James Howard was a family man, too, and when his sons came of age, they remodeled the north half of the main house, making eight finished rooms, four downstairs and four on the second floor, out of the former barracks area. It isn't known how long it took the Howards to complete the rooms but according to diaries kept by members of the Arnold Expedition, the family was living comfortably by 1775. William Howard was the first to take up residence in the main house, moving in with his wife, Martha, about 1770. With him came his brother, John Howard. Like William, John had been a member of his father's garrison. In 1761, John was given the command of a party selected to survey the Kennebec River route to Quebec. Just a few days from home, John accidentally shot and killed John Small, the party's surveyor. As a result, John suffered what we would now call a nervous breakdown and never recovered. He lived in the main house until his death in 1804.
A third brother, Samuel Howard, became a main house resident when he moved from Boston to the Kennebec following the closure of the port of Boston in 1774. Together he and William formed the storekeeping firm of S&W Howard. William Howard stayed at the Fort and ran the store. Samuel sailed one of the family's sloops between the Kennebec and Boston. The brothers also were important players in local, county, and state politics and invested in many public improvements. In 1785, the brothers' aunt, Margaret, and her daughter, Betsy Howard, also took up residence at the Fort, joining what was a steady stream of extended family members - farm workers, housekeepers, Augusta's first minister, and others - who stayed with and would have been considered part of William Howard's household. Even James Howard eventually returned to live at the Fort, remodeling the south end of the main house into an eight-room residence for himself and his second wife in 1781.
house exhibit is furnished based on
the probate inventory taken upon the death of Samuel Howard in
1799. Because Samuel and William owned not only their store goods but
also their household possessions in partnership, the inventory includes much
of what must have been in the house when the inventory was taken.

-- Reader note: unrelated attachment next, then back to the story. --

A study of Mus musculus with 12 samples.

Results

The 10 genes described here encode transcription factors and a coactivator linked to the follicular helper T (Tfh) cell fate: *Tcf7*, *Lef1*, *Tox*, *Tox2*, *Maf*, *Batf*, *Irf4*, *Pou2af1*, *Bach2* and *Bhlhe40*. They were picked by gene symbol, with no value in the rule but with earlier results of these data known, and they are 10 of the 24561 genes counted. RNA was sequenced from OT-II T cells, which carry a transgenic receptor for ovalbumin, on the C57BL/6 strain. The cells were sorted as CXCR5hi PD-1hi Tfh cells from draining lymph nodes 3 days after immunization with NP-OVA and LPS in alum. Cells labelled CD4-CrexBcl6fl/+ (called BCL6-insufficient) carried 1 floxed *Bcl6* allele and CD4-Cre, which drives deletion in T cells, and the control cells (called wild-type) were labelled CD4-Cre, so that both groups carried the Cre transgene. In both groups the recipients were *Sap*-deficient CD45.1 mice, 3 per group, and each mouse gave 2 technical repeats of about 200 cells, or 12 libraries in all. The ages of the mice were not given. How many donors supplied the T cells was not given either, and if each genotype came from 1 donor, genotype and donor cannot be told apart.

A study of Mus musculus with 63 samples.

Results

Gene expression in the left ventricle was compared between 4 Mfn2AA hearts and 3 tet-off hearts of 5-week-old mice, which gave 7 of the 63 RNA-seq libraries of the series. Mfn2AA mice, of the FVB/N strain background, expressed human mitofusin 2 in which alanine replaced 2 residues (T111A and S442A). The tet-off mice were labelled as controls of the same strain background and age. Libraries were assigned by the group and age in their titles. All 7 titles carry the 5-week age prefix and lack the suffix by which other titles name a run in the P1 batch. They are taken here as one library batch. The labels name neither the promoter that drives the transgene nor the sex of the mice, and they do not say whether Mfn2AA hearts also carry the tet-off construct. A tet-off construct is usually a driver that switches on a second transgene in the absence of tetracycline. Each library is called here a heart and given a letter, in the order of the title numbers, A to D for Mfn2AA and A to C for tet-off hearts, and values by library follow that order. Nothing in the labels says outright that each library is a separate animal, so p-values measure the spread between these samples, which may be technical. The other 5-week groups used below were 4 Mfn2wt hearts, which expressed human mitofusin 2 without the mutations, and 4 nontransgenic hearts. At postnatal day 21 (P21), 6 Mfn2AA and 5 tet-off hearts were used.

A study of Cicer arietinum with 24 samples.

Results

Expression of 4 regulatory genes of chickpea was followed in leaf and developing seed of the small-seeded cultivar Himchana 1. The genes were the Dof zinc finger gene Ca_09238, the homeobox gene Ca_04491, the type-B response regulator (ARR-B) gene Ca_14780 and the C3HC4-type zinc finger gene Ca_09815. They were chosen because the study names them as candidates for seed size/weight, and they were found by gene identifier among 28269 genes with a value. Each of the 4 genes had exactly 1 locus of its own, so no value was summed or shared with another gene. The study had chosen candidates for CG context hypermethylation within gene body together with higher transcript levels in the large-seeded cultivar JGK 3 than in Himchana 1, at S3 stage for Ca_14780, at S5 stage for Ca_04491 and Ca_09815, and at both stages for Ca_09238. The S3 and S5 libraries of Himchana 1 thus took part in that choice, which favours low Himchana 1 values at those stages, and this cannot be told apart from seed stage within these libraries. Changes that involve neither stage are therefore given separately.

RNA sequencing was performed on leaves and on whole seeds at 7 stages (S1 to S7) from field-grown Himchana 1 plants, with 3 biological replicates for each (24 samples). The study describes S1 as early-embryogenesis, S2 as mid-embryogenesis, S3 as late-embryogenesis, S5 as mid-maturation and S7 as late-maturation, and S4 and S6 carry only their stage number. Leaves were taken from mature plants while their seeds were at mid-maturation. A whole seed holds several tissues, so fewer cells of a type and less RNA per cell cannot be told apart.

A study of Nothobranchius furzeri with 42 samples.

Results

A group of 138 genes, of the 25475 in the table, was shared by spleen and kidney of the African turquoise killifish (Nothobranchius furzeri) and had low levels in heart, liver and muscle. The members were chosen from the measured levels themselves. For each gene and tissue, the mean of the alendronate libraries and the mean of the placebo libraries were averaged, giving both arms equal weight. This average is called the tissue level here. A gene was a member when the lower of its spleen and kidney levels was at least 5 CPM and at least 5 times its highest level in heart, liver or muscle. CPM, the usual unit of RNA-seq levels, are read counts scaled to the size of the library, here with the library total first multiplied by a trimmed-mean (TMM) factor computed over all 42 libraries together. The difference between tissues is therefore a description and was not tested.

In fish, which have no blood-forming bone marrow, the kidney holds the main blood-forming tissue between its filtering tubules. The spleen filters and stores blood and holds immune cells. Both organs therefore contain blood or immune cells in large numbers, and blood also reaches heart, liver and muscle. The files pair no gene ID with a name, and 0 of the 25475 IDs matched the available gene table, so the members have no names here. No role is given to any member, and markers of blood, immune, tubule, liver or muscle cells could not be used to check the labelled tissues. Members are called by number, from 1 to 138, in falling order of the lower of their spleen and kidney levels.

However, census records indicate between eight and ten other
individuals as being in William Howard's household between
1790 and 1800. Who many of those people were or what they may
have owned remains unknown. Still, this
inventory-based approach is the closest we can come to showing the main
house at it may have appeared prior to William Howard's death in
What is remarkable is that since 1992, Old Fort Western has been
fortunate enough to have acquired, or in some cases to have borrowed
for the purpose of anniversary-year loan, several peices of furniture,
glass and ceramics actually inventoried by the probate court appraisers
in 1799. The images on this page show those objects as follows:
Top left image - Northwest parlor:
- The set of 12 "yellow" chairs
- The tea set, plate and rummer on the card table
- The punchbowl and clear glass decanter on the card table
- The card table itself
Top right image - Northeast parlor:
- The desk
- The document box on the desk
- The plate (an archaeological artifact) on near end of the table
Above - Northwest bedchamber
Like the other rooms in the house exhibit, the kitchen is furnished based on the 1799 probate inventory. No Howard family objects, however, are included.
This fireplace and bakeoven are the oldest in house. They were built by Samuel Oldham, a mason hired by the Kennebec Proprietors in late 1754. The soldiers who were stationed here as well as the members of the Howard family and the later renters who lived in the north half of the main house all cooked on this hearth until the fireplace was bricked-up and a stove was installed as early as the 1840s.
The room is now set up as if someone (a housekeeper perhaps) is preparing to set a "sponge" as a first step in the bread-making process. A small pantry is located just off the kitchen to the right of this image.